The house identifies the Teasdale poem as Mrs. McClellan's favorite. What does this suggest about Mrs. McClellan?
In "There Will Come Soft Rains," the fact that Mrs. McClellan has a favorite poem suggests that she is appreciative of the arts and of literature. She is, perhaps, a rather cultured and well-read lady. Moreover, the fact that she appreciates this poem, in particular, also suggests that she enjoys the natural world since this poem is filled with relevant images, like swallows and frogs.
Looking deeper, however, it is ironic that this poem is her favorite, because it has actually foreshadowed her own death. Remember that Teasdale's poem is a poem about war. Specifically, it is about how nature will not notice the destruction of humanity when they are wiped out as a result of their conflicts. Mrs. McClellan and her family have died as a result of a nuclear bomb, and the only survivor (besides the house) is their pet dog. Teasdale's poem has, therefore, foreshadowed this event, but Mrs. McClellan will never know of this tragic irony.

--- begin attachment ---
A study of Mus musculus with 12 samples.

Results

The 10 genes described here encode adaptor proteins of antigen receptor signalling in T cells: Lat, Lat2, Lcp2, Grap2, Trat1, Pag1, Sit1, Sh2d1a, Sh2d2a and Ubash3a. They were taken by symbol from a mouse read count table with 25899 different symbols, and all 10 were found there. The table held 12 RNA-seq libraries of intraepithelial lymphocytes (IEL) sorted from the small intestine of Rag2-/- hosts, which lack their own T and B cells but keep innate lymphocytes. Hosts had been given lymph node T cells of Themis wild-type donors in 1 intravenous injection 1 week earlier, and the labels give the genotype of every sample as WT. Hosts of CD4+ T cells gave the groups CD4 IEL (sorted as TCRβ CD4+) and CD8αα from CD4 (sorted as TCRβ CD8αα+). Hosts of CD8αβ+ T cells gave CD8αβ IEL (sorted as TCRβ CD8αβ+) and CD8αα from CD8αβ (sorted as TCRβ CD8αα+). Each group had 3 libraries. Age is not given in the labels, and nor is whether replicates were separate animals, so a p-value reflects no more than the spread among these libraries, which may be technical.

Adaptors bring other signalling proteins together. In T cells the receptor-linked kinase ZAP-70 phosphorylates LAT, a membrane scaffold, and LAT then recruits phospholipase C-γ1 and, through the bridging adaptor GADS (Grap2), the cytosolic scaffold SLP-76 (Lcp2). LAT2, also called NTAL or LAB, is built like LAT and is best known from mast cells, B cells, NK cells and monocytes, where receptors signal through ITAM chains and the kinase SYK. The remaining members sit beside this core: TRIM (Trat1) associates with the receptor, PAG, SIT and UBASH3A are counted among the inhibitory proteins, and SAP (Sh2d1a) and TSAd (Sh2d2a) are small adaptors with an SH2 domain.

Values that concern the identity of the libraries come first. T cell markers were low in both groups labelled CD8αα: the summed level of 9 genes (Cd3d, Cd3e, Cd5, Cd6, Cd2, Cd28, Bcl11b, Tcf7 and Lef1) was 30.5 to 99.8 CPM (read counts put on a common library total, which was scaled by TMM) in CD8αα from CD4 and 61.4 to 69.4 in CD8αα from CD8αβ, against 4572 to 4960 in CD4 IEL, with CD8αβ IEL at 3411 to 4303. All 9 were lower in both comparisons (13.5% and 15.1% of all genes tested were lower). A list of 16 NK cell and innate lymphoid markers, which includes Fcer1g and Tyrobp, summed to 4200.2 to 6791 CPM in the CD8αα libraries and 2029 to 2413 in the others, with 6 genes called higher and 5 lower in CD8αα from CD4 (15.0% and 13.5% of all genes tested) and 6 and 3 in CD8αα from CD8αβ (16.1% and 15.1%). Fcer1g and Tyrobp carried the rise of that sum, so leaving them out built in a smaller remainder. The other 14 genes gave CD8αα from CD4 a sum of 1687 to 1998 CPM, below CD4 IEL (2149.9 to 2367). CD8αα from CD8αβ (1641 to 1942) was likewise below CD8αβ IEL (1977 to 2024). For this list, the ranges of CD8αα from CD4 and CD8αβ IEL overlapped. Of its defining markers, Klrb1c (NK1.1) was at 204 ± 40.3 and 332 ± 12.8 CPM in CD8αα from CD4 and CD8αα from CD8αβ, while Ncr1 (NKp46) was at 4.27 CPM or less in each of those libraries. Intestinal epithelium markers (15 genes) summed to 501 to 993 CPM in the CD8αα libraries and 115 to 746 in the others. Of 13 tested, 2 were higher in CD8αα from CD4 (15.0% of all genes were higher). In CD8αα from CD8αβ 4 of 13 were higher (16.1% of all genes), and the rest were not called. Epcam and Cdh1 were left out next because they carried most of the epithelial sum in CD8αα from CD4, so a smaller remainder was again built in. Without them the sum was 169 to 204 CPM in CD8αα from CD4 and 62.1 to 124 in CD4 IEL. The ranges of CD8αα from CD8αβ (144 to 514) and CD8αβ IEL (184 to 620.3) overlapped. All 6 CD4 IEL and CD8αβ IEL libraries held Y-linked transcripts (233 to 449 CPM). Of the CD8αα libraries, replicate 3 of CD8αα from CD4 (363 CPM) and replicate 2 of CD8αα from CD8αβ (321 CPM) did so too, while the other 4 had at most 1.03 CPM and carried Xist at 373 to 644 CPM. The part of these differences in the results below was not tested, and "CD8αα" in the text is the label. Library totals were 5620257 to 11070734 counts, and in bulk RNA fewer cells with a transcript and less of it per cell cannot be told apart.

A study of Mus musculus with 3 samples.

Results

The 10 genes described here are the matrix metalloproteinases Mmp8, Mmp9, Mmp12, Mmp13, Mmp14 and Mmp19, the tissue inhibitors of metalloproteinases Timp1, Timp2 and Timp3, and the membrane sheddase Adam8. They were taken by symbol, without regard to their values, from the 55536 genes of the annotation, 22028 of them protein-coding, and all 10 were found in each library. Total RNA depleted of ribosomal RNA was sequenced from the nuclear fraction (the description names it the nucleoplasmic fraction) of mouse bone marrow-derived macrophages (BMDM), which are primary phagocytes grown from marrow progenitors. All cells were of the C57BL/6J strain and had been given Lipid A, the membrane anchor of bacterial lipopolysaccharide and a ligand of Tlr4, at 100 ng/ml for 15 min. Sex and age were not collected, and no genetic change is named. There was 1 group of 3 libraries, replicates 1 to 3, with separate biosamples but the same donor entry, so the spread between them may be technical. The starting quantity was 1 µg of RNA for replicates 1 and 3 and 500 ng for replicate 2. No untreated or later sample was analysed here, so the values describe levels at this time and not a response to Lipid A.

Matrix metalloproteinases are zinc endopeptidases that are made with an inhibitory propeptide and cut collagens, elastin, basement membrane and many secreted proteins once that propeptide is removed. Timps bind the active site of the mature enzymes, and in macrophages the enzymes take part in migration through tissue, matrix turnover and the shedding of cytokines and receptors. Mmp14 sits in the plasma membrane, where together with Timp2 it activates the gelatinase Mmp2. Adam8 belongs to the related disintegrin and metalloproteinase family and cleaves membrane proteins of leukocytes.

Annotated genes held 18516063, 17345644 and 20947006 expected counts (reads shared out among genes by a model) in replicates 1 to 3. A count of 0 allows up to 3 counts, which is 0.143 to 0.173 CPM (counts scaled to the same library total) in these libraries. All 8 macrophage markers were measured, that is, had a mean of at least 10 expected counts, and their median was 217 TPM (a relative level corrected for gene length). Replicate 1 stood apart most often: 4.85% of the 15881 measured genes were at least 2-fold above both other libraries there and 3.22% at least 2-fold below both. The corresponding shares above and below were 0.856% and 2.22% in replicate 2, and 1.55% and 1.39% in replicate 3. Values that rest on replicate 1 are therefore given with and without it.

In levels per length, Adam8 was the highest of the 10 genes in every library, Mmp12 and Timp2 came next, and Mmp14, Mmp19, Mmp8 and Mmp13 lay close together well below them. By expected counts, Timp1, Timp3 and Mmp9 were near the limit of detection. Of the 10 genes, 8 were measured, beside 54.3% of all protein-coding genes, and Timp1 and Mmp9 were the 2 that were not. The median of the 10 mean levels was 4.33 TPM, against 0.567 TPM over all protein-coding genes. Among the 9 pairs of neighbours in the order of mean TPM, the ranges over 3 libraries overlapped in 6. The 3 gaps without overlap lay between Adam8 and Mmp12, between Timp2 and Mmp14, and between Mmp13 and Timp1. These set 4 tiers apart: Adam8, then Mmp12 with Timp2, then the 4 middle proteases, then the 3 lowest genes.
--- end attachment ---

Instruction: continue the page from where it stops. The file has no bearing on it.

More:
Mrs. McClellan considered Teasdale’s poem to be her favorite during a time when nuclear war was a clear threat. Both the poem and Bradbury's short story explore a scenario where war has led to the eradication of humanity. Despite the devastation that war has wrought upon human beings, the rest of the world continues to survive. War is therefore considered to be futile, as the loss of humankind will have little to no effect on the forces of nature.
"There Will Come Soft Rains" is a poem that tackles a sobering subject. It is not a poem to be taken lightly, which implies that Mrs. McClellan employed a critical frame of mind. The fact that Mrs. McClellan chose Teasdale's poem as her favorite implies that she agreed with Teasdale’s assertion that war means nothing when humanity has destroyed itself. This makes her death more poignant, as there is a high likelihood that she had anti-war sentiments, and yet died in a war as a civilian casualty.